Guest writer Vicki Notaro on why this is the time of year to indulge our most sentimental side.
My name is Vicki and I love romantic comedies. Often dismissed as “chick flicks”, derided for being cheesy and slagged off for being sentimental, admitting you enjoy rom-coms to some is like confessing to a lobotomy. Yet while some are offensive and ridiculous, many other films with a romantic bent are so wonderful that they occupy a special place in our hearts, the part that critically acclaimed but less tender movies never quite reach.
When Harry Met Sally, for example, has one of the best screenplays ever committed to film as well as the ability to turn us to mush. The Notebook would make even the most cynical person shed at least one tear, and How To Lose A Guy in 10 Days is just plain brilliant. Don’t even get me started on You’ve Got Mail – the technology may be dated, but the love story is timeless.
I’ve spent many an hour defending the rom-com. I have a degree in Film Studies from Trinity College which many people (read: men) think is very cool until I tell them that I wrote my thesis on ‘the substitute mother in the maternal melodrama’, an offshoot of the women’s film genre popularised in post-war Hollywood. That language is designed to make it sound high-brow and lofty; it was really an excuse to draw parallels between Terms of Endearment, Beaches and Stepmom. But because of that, I feel qualified to take down even the snarkiest of people (usually male people) dying to poo-poo a genre that has brought many people great joy. These are the same people that adore superhero films, yet manage to feel intellectually superior to me. Ho-hum.
However, there’s a sub-genre of rom-coms for which even the snidest of cynics hold their snark, and that’s the Christmas love story. Because this is the time of year when sentiment is acceptable, and romantic love championed. You might think February is the time of year when rom-coms and romance reign because of the 14th, but no – and that’s because nobody has ever made a truly brilliant movie about Valentine’s Day. Love is all around us at Christmas – 20% of Irish couples that get engaged each year do it in December - which is why even the most problematic rom-com gets a pass for the festive period.
And maybe that’s why many of the best rom-coms ever made contain seasonal scenes. It’s Christmas Eve when young Jonah rings a radio show to ask for a new mother in Sleepless in Seattle. It’s New Year’s Eve when Harry confesses his undying love to best friend Sally. And it’s at her mother’s Boxing Day turkey curry buffet that Bridget Jones first sets eyes on Mark Darcy and his reindeer jumper.
But even better are the romantic films in which Christmas is a central theme. Love Actually may have many gaping plot holes and improbable scenarios, but do we care? Hell, no! We’re happy to watch as many vaguely interlinked tales of love and loss at Christmas as Richard Curtis can fit in one film. The Holiday’s premise is equally dubious, mainly because Kate Winslet’s character gets a very raw deal in the romantic hero department, but because there’s snow and festive whimsy nobody cares that Christmas week is about three weeks long and most of the characters are insufferable. There’s a snowy English town and cute kids, hurrah!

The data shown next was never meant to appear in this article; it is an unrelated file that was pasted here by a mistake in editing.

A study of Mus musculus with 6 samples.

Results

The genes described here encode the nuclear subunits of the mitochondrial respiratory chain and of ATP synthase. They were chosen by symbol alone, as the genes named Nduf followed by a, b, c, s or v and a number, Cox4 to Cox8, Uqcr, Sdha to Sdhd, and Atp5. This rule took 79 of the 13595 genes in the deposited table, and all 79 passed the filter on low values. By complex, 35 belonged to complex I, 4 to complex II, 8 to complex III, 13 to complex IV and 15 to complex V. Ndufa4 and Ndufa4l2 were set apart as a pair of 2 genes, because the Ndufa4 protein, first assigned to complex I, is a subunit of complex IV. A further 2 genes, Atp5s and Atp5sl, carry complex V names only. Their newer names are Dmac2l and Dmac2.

We overlook a veritable sibling wife swap in The Family Stone, incredible deceit in Serendipity, stalking in While You Were Sleeping and how terrible Ryan Reynolds’ fat suit is in Just Friends. And that’s because we want to believe in true love at this time of year even more than we want to believe in Santa. Christmas is meant to be a time of redemption, when we bask in the glow of good will to all men, tell the people we love how we feel about them and end the year on a high. The festive season is often dominated by the kids in our lives as its magic and mischief is infectious. But we grown-ups are captivated by it too – sure why else would we lose the run of ourselves with mistletoe at Christmas parties?
I’ll be watching every one of the aforementioned movies before the 25th, along with my absolute favourite, The Muppet Christmas Carol. Anyone who thinks that isn’t romantic clearly hasn’t seen the original cinematic version, in which Scrooge’s girlfriend Belle dumps him for working too much. She sings a song that would bring a tear to a glass eye and leaves him in the snow, turning his heart to ice only to be defrosted by Christmas spirit. Apparently the scene was cut to keep the kiddies interested, but in this writer’s humble opinion the film is the worse for removing the main thing that humanises ol’ Ebeneezer – love. Go forth and enjoy the blatant sentimentality that goes hand-in-hand with December, but try not to burst a blood vessel crying at Emma Thompson in Love Actually.
Do you indulge in a bit of unashamed Christmas rom-comage this time of year? Or are Christmas movies like Die Hard or Gremlins more your bag?